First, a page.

Terry Blersh – Play It All Day | Album Review

Terry Blersh – Play It All Day



CD: 11 Songs, 35:35 Minutes

Styles: Jazz-Influenced Blues, Ensemble Blues

If there’s one thing yours truly has learned about the energy that emanates from blues music, it’s that such energy comes in a lot of different colors, along different musical wavelengths. Some blues are fire-engine red, with plenty of rip-roaring guitar. That’s not what Canada’s Terry Blersh plays. His tunes are mocha-latte smooth, and they range from robin’s-egg blue to indigo: relaxing, engaging, the kind you play at a coffeehouse instead of a bar. Certain purists may claim he leans too far to the jazz side of jazz-influenced blues; others will find his style hits the spot. On his sophomore release, Play It All Day, he combines the best of both genres and adds fluid, melodic vocals as a bonus. Accompanying him is a large ensemble playing a wide variety of instruments, including guitar, mandolin, piano, organ, drums, bass, and saxophones. Out of eleven songs, eight are originals; the best cover is Gordon Lightfoot’s “Early Morning Rain.”

Perhaps the most notable thing about Terry Blersh, beside his avant-garde fusion of jazz and blues, is his association with renowned genre artists. His resume includes sharing the stage with Harrison Kennedy, Garth Hudson, John Mays, Paul Reddick, Chuck Jackson and several others. Blersh has also starred in featured spots in producer Lance Anderson’s celebrations of “The Last Waltz,” “Soulsville – Stax Records,” and “Mad Dogs & Englishmen.” Several publications in his native country have given Terry rave reviews, including Maple Blues. Last but not least, this CD was produced and recorded by Grammy-and-Juno-Award-nominated Jeremy Darby.

Performing along with Terry Blersh (vocals, guitar, electric piano) are Al Cross and Shamakah Ali on drums; Lance Anderson on piano, Hammond, Wurlitzer and Rhodes organs; Denis Keldie on piano, Hammond organ, and accordion; Garth Vogan, Tom Griffiths and Colin Barrett on bass; Michael Fonfara on Hammond organ; Jimmy Bowskill on mandolin and vocals; Gene Hardy on saxophone; Art Avalos on percussion, and John Mays, John Finley and Quisha Wint on various vocals.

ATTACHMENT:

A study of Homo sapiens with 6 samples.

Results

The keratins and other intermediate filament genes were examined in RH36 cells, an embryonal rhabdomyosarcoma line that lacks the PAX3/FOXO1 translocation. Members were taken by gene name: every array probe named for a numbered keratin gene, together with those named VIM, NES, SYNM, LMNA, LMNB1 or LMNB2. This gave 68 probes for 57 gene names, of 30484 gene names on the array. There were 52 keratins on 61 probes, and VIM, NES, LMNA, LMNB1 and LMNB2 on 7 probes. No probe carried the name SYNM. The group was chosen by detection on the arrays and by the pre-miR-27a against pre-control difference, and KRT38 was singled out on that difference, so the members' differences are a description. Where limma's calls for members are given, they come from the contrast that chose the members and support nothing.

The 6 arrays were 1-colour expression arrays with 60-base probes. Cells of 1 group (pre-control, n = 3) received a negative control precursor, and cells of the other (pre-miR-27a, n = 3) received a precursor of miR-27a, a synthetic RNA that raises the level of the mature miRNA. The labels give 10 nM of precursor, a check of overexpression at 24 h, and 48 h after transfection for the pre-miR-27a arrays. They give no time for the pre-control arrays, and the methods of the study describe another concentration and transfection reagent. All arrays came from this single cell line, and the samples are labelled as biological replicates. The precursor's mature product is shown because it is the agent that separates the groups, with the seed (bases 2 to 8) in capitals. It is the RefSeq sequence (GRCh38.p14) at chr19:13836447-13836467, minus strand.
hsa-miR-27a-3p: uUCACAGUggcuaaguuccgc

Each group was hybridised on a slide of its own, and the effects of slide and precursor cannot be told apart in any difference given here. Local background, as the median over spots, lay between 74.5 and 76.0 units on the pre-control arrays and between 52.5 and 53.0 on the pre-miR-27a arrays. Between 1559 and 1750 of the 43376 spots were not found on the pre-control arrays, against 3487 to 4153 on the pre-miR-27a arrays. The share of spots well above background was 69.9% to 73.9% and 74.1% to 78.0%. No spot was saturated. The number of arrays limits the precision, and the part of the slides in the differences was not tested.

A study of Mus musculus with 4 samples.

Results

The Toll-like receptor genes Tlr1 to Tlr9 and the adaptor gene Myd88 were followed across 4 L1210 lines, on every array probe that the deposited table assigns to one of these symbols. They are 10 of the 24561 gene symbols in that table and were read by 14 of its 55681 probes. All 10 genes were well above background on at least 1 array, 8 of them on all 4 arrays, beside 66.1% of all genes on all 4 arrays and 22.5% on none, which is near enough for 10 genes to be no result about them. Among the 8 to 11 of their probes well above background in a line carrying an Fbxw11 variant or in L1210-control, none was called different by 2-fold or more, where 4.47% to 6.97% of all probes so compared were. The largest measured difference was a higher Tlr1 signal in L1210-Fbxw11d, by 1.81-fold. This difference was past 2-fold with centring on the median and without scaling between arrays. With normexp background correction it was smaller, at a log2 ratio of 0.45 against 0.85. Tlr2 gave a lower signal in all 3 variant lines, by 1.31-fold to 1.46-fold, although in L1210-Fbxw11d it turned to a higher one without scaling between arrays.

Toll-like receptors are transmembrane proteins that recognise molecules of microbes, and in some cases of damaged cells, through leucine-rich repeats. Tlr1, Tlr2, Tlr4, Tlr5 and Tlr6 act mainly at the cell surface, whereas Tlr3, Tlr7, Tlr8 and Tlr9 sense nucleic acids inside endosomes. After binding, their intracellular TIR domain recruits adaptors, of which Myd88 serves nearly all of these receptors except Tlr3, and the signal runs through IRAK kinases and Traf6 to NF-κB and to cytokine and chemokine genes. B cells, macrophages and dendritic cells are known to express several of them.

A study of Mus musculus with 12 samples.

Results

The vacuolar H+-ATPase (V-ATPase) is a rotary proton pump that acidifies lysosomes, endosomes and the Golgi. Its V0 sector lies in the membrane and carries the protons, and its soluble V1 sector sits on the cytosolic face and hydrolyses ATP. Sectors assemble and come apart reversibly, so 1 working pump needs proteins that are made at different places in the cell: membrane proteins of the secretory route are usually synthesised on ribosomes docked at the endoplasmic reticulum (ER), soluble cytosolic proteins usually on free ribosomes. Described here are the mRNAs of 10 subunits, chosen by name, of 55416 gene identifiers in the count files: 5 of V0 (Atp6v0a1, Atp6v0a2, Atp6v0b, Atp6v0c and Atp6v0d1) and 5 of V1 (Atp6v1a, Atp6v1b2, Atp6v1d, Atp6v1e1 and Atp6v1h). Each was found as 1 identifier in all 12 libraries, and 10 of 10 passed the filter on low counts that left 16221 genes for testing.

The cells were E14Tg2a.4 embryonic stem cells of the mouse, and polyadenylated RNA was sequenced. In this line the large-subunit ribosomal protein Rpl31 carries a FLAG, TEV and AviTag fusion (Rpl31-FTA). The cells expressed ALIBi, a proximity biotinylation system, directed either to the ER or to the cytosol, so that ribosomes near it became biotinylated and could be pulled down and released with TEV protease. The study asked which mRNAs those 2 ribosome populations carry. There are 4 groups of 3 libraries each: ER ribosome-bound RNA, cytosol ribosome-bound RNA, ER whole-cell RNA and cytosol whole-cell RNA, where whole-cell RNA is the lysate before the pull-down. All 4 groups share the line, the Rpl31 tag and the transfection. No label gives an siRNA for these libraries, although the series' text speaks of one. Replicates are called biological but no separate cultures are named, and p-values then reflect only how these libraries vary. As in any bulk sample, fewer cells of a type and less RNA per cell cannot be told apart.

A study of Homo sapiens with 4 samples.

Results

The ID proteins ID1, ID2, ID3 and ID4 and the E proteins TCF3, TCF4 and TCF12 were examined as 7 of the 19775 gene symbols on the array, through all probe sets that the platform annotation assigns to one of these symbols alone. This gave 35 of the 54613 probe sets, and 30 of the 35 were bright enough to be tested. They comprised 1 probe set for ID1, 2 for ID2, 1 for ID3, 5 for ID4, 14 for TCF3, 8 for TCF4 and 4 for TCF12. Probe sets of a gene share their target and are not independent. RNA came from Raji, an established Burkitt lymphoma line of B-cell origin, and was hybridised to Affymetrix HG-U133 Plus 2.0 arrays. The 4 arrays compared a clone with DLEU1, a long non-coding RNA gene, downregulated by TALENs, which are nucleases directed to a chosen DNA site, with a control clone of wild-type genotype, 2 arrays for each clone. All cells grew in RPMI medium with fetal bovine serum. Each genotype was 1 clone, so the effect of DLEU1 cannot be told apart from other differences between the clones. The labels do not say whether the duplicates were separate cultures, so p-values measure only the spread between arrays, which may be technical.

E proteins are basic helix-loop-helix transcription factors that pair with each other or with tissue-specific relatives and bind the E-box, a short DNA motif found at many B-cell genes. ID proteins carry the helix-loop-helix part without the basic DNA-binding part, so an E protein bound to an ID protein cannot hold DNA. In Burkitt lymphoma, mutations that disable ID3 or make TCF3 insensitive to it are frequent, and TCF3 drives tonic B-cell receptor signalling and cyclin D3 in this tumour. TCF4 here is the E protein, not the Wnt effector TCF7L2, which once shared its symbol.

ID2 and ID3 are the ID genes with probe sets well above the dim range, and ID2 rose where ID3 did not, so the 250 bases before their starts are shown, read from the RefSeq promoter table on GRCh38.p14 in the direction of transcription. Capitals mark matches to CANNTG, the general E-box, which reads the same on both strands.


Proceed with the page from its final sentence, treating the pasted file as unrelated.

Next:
The three songs below are perfect for downtime, whether at home or at a live concert of Terry’s.

Track 02: “It’s All Right” – The first true blues/jazz fusion number is a mid-tempo boogie with tongue-in-cheek lyrics: “My baby don’t like sugar; my baby don’t like spice, and I can’t stand her cooking, but it’s all right.” One wonders how that’s possible, but when it comes to love, anything is, even the mixing of complete opposites. John Finley stars on good-natured yet sly guest vocals. As for Gene Hardy’s sax, it’s as fiery as cayenne pepper.

Track 03: “Play It All Day” – Quisha Wint takes the lead opposite Blersh on the title track, an ode to music that could also apply to the album itself. It brings warm spring days and cool summer nights to mind, exhibiting the perfect balance of vocals and instrumentation. Dig Michael Fonfara’s Hammond organ and Lance Anderson’s talents on keyboards. “I don’t care if the sun don’t shine; sing my song and feel so fine,” sing the background vocalists with pizzazz.

Track 06: “The Girl Outside My Window” – This one’s a bit strange, with a definite Zydeco kick thanks to Denis Keldie’s accordion, but the lyrics just can’t be beat. When you’ve got a stalker, whether online or in real life, you might share our narrator’s sentiments: “The girl outside my window just couldn’t see that I’d never feel the way she did for me. I told her soft and slow, ‘Just take your heart and go. Don’t waste your time, oh, girl outside my window.’”

Do you enjoy mellow, jazz-influenced blues? When it comes to this CD, Play It All Day!